Rise of Aboriginal PhDs heralds a change in cultureMarch 17, 2014
Section 18C – a ‘legislative dog’s dinner?’March 19, 2014
By Carolyn Aston
The internet and social media are here to stay. New parents can buy an app to record feeds, nappy changes and the like, similar to a hospital record, which may provide containment for exhausted and overwhelmed Mums and Dads making the huge adjustment to parenthood for the first time. Equally, there are many baby/toddler apps featuring nursery rhymes, games about bubbles and even one on white noise, arguably to ‘soothe’ baby to sleep.
Parents who use these are probably more likely to have the technological skills and interests to participate with their children online, help them to maximise its positive features and supervise their use. The Australian Communications and Media Authority (ACMA) and our CASSE Peaceful Schools Program strongly encourage parents to become ‘techno savvy’ to assist their children to use the digital world safely.
Donna Cross and her team’s 2009 National Study on Covert Bullying clearly suggested that young people are reluctant to inform parents or teachers about bullying for fear that their response was likely to make things worse’ and/or that their access to their computer/mobile and the like would be either reduced or ceased.
Our Peaceful Schools Program is informed not only by extensive international research but also the clinical experience of the mental health clinicians on our team who work closely with each of our participating schools, on a background of extensive time working on site at a range of schools.
Our unique approach includes assisting leadership and staff to select multi age CASSE Peaceful School Student Teams who, like staff & parents, are trained to identify and intervene effectively with conflict and bullying, face-to-face and online, as Upstanders. In addition, they meet regularly with an altruistic teacher to debrief about their achievements as role models as well as discuss concerns about individual students, which may be unknown to even trusted staff and parents, and how best to assist them. In this way, a student safety net is established in each of our schools, so that support and professional assistance can be made available as required. Whilst no system is fool-proof, students know best what is going on in their world and a safe forum for our Peaceful School Student Leaders to raise concerns with the teacher leading them contributes to the wellbeing and safety of the whole community.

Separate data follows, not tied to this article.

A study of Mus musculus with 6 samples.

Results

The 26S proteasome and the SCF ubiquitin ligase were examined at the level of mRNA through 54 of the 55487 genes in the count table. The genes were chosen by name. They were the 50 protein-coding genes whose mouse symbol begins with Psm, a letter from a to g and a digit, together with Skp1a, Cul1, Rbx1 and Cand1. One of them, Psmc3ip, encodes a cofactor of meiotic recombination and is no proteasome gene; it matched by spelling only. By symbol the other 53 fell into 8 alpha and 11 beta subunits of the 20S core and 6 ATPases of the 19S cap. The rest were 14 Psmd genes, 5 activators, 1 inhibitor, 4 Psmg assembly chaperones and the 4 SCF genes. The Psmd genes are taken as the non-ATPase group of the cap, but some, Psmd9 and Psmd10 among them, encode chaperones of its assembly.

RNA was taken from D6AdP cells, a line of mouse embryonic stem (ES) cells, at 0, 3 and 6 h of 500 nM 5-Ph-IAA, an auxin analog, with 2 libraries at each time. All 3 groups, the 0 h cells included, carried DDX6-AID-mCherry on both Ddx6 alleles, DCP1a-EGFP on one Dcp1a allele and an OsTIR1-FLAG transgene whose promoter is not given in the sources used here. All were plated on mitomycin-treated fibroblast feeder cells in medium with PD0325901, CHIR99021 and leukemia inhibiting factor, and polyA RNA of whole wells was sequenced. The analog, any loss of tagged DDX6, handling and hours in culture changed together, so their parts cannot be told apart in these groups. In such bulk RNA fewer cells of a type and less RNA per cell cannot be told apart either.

A measured 2012 article by the Commission for Children and Young People and Child Guardian on cyberbullying suggests that bullying is a risk factor for mental health issues (and suicide in some cases ) for our young people. Some media suggest there is a linear correlation between bullying and suicide, whereas there is generally a range of issues involved. Young people who are concerned about mental health issues of their peers may be pressured to keep these a secret. This burdensome scenario happens all too often, in my experience. Parents, teachers and Student Wellbeing Staff can help reduce this by encouraging students to chat to them if they find themselves in this situation – a message that, whatever the issue, they are there to listen and assist, not judge, is important for the confidantes as well as the distressed young person.
Parents also need to trust their intuition and judgement and insist that their child/teenager seek professional help despite possible protests.
Social media is here to stay. Our CASSE Peaceful Schools are innovative about its positive uses and proactive about promoting empathy and inclusion and equipping students to care for others and intervene as Upstanders standing up for the ‘target’ and standing up to the victimiser. This saves teachers time , enhances the confidence of parents in their school and the satisfaction of the students about the lifelong skills they learn as altruistic, digital and real world citizens.